As I clean and reorganize, I have found coins just about everywhere, which I’ve placed in a small tin, along with a bunch of flash drives. As I looked at the coins, it came to me that I have yet to see a 2020 penny. Usually, I manage to acquire a new penny by some time in March. But not this year.
It suddenly struck me that, by the second week in March, events and activities were already getting canceled.
It wasn’t long before everything stopped, almost as if the world were going into suspended animation. The world had stopped before I got a new penny. I suppose that there are worse things than not getting a new penny. Like losing a family member. I know people who have lost family members, from the flu and from caronavirus.
It has now been more than a month since the shutdown occurred. And almost a month since I started writing these stories to document this experience. So I decided that it was time for a check in. Who am I? In the past few weeks, I’ve had very little human contact outside of the computer experience. It felt as if I had lost the me of me. And that did not feel good.
I’ve had to go within myself, to find out who I really was. The long days of aloneness were sapping my energy. I struggle with introspection, but the demands of life, even in a world of pandemic, were a strain. I had been attempting to clean and organize and my attention span wouldn’t let me do the task. I saw birds or shiny things or paintings or anything other than the task at hand.
Cleaning and organizing accidentally opened a window to the past. My sister’s cleaning of my dad’s home office inadvertantly opened a time capsule, when I noticed a stack of letters that my sisters and I had written to our grandfather. I could see who we were back then, back when we were all young and where great things awaited us in future days. Cleaning and organizing unearthed old newspapers with articles that I had written. Years and years of articles.
Finding the letters and articles should have filled me with joy. But I was in a bad space in that interior world, a room that was occupied by relics of an uncomfortable past and by a being that represented the rejections and failures of times that lived only in the shadows of my mind. The Being that kept telling me, “You are not good enough.” I sat in that room of failure, and I looked at the articles and at the letters and at the career that did not match the career that I had envisioned for myself when we were all young and great things awaited us.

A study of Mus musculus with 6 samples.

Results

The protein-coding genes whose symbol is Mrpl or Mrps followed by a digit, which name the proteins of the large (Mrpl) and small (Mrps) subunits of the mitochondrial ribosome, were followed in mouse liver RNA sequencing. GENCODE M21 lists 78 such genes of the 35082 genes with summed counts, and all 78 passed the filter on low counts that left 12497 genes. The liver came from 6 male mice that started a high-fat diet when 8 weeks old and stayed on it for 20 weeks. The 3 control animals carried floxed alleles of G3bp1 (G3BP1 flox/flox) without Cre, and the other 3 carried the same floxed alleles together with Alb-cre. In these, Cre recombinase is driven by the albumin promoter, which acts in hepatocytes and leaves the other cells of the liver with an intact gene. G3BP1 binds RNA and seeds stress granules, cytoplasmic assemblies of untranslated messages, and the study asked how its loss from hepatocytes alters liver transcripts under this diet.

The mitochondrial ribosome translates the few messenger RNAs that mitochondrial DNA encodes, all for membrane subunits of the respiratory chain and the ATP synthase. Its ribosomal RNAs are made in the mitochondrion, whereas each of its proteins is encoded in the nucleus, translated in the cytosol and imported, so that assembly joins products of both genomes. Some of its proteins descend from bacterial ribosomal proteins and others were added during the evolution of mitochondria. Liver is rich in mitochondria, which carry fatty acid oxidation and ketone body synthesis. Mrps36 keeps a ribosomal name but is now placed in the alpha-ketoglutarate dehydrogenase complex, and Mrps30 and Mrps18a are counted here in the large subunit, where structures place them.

Days passed by, and the world was still stopped. The news on the television and in the newspapers became more and more dire. It was hard to watch. The crushing hopelessness of the outside world matched the crushing hopelessness of my interior world.
And then, a few weeks into the world of shut down, something happened. As I sat in that bleak interior room that kept my self doubts nourished and energetic, I noticed something that I hadn’t seen before. A door. An old-fashioned heavy wooden door with a little keyhole beneath the doorknob. I walked to the door and tentatively tried the doorknob. Would it open or did I need a key to escape from the room of self doubt and past failures?
The door opened with just a push. How is it that is was so easy to open that door? Why had I not noticed that the escape from self doubt and past failures was that easy? I followed a beam of light into another room. A room with sunshine shining through large windows.
A room full of bright colors and paintings on the wall. My paintings.
The room with the being that represented my essence.
The being that told me, “You don’t have to be good enough. You just have to be you. And you are enough.”
And with that, the being pushed me out of the door of the world of self-reflection and introspection. I realized that, even without pennies from heaven or where ever pennies came from and without events in my datebook, I still possessed the essence of me. That I didn’t have to be good enough. That I didn’t have to be super journalist or super writer. That I could let my essence shine through my creative spirit.
The world is still shut down. It has not changed. But the inner journey has changed me. For the better, I hope. My interior resilience tells me that I have everything that I need. Except for a shiny new penny, of course. A penny from heaven.
Tomorrow: The train in my imaginary journey takes me to Afghanistan!